Opinion: Govt’s bailout won’t rescue troubled university

The Otago University Students' Association has disaffiliated with the Elohim Bible Academy. Photo...
Photo: ODT files
Will the bailout solve the University of Otago’s financial woes? Mary Williams crunches the numbers.

In a nutshell, has the Government rescued Otago?

Definitely not.

The $10.5million is a small top-up in tuition fee cash for 2024, and again for 2025.

It is less than 18% of the $60million savings that acting vice-chancellor Prof Helen Nicholson has said needs to be slashed from the university’s operating budget — its annual running costs — which are $834million this year.

Will the university end this year in the red?


The extra government money is for 2024 and 2025, not 2023.

The university has confirmed repeatedly that its operating budget will not get back in the black this year — and the situation has been progressively worsening.

At the end of April the university’s forecast end-of-year operating deficit stood at $24.2million in the red, slumping from last month’s forecast of $22.5million.

When the university set its 2023 operating budget last November, it forecast a deficit of $12.4million.

The worsening forecast is due to projected student number increases not materialising.

Is the hidden savings target for this year, that came to light in April, being achieved?

To recap, the university set itself a $25million savings target for this year, that it knew about last November and hid from staff until this April.

Its operating budget forecasts are predicated on this target being achieved — through methods including asset sales and redundancies, which the university said would be in the hundreds.

As she walked out to retirement this month, finance chief Sharon van Turnhout said she was "confident" the target would be achieved.

It may, or may not be.

Otago’s end-of-April figures showed $13million savings had been found and a further $12million still needed to be found.

If the target is not achieved, the deficit will be far worse.

Will the slated voluntary redundancies help achieve the savings target?


If the university goes ahead with 162 voluntary redundancies — 35 have been approved and 127 are "in progress" — this will bring permanent savings in the millions.

More than half the university’s costs are staff related.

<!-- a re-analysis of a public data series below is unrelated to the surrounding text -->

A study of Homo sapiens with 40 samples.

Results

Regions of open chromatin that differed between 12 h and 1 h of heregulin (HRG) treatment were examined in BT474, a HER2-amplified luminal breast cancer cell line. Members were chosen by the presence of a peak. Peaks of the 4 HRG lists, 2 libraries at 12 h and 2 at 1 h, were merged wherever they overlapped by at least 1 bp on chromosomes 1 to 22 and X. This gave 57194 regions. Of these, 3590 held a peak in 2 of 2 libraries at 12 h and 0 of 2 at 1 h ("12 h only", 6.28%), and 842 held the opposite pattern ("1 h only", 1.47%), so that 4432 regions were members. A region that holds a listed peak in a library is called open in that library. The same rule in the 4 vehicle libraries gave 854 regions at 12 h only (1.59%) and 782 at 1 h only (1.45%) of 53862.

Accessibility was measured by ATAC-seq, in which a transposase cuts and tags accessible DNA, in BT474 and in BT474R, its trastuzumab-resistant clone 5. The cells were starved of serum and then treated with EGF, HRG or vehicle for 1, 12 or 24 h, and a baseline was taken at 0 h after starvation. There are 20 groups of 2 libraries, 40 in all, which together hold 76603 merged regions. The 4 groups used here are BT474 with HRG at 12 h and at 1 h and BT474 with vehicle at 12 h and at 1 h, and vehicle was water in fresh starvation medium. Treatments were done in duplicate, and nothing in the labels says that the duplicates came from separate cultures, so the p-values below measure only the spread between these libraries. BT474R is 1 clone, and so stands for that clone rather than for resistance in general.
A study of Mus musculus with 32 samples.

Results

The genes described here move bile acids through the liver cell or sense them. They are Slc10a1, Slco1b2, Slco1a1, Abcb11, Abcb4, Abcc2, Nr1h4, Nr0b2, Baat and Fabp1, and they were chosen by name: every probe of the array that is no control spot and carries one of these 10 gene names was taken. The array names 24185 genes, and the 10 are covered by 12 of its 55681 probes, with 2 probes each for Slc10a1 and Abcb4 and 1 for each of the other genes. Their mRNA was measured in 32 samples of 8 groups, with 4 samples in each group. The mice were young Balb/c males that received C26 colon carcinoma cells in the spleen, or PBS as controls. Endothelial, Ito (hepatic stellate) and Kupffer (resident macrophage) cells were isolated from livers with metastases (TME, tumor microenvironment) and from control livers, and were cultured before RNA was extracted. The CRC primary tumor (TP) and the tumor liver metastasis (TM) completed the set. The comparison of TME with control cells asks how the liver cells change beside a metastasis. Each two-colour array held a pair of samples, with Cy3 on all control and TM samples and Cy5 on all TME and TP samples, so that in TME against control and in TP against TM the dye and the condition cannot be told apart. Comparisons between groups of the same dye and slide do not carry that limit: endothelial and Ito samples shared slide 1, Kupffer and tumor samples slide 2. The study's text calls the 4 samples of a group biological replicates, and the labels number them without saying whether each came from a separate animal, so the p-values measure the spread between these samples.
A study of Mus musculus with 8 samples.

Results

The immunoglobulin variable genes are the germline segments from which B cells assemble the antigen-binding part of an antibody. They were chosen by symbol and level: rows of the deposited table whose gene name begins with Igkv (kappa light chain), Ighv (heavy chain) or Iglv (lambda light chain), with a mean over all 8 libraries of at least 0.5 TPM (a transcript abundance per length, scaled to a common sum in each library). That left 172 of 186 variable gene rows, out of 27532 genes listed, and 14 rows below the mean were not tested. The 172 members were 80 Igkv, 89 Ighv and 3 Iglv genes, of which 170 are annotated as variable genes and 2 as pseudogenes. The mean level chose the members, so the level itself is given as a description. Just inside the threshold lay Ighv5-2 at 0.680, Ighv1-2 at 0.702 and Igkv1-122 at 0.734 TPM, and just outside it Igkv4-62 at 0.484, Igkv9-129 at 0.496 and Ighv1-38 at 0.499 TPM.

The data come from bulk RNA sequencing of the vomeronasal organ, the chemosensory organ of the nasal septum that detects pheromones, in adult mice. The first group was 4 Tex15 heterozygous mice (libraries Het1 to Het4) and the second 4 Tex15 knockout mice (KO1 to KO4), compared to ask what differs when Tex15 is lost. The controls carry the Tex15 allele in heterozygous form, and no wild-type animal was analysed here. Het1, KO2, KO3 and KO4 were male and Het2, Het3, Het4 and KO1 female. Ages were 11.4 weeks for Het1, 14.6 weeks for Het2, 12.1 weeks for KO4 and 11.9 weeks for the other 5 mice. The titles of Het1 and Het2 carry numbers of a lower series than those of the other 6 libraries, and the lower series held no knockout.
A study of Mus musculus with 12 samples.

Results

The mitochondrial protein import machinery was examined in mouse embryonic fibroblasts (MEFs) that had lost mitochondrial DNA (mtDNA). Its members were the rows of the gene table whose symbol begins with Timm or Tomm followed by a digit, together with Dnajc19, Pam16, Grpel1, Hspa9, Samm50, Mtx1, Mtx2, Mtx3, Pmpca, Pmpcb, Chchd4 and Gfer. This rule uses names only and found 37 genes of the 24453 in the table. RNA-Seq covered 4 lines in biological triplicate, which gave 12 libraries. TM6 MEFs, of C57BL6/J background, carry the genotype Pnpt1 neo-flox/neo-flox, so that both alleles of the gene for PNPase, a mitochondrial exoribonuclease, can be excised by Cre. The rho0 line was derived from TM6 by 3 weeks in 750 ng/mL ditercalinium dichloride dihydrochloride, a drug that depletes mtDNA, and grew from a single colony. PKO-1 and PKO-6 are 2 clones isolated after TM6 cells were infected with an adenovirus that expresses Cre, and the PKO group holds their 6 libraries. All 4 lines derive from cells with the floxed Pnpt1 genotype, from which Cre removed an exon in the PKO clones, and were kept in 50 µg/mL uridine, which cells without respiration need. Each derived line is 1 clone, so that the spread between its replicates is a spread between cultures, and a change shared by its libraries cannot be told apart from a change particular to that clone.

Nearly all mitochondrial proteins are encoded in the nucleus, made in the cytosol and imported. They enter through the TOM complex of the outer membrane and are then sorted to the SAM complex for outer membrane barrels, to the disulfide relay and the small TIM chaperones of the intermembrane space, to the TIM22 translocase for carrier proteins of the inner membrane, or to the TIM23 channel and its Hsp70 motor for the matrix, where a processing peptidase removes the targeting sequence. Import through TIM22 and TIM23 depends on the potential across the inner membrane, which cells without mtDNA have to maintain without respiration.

However, we are already halfway through the financial year — and making redundancies incurs costs.

Savings from redundancies at this stage will therefore reap significantly more savings in 2024 than this year.

Is there a target date for getting back in the black?

In yesterday’s all-staff meeting, staff were shown a graph indicating a further slump in 2024, then a hope of shooting up into the black by 2025, achieving a target 3% surplus by 2026 and a rosy future of continued annual surpluses from then on.

OK, but aside from the voluntary redundancies, what’s the master plan to achieve that rosy future?

Nobody knows.

The university’s "management of change" activities are considering savings across the university’s divisions — but there is no known plan as yet.

What about the capital expenditure programme and debt situation?

Good question.

The university is undertaking a very large capital expenditure programme of building works.

This includes new buildings and refurbishment of buildings — some are essential repairs for regulatory reasons.

The university has always known these building works would require debt — for the first time in the university’s modern history.

The university has said it expects to be in a borrowing situation within weeks again now, after borrowing for two weeks at the end of 2022 — but has also slowed down its capital expenditure.

It budgeted to spend nearly $169million this year in building works — and end the year $217.6million in debt — but by end of April had spent under $21million. That amount will start to ramp up if work progresses more on major projects such as the new Christchurch health campus, which has had its foundations dug.

Has the university been worrying it might not be able to carry on?

Without a doubt, yes. Its goal to save $60million a year from its operating budget shows it is serious about this threat.

Saving this amount would likely create a small, healthy surplus — which would enable it to start paying back its planned capital expenditure debt.

Not saving this amount, combined with continued capital expenditure, risks a rapid slide down to the university’s allowed debt ceiling — which is a maximum borrowing of $330million — risking the university’s liquidity.

So, what’s behind it all?

The university has primarily blamed years of government underfunding not keeping step with inflation — and student numbers lower than projected.

Others have suggested a failure of the university to manage its operations as efficiently and profitably as it could.

Government funding levels have generally been predictable and student numbers are largely static at Otago. Otago was one of only three universities — Auckland and Canterbury being the other two — who increased their student numbers between 2019 and 2022.

Both those universities are doing all right, it seems.

Auckland University is projecting an operating surplus of $9.8million this year. University of Canterbury is forecasting a $14million deficit, but has virtually zero debt — a $600,000 loan that is 50 years old.

The question of "what’s behind it all" at Otago, and how can we stop this happening again, is one for incoming chief finance officer Brian Trott and whoever takes up the reins as vice-chancellor.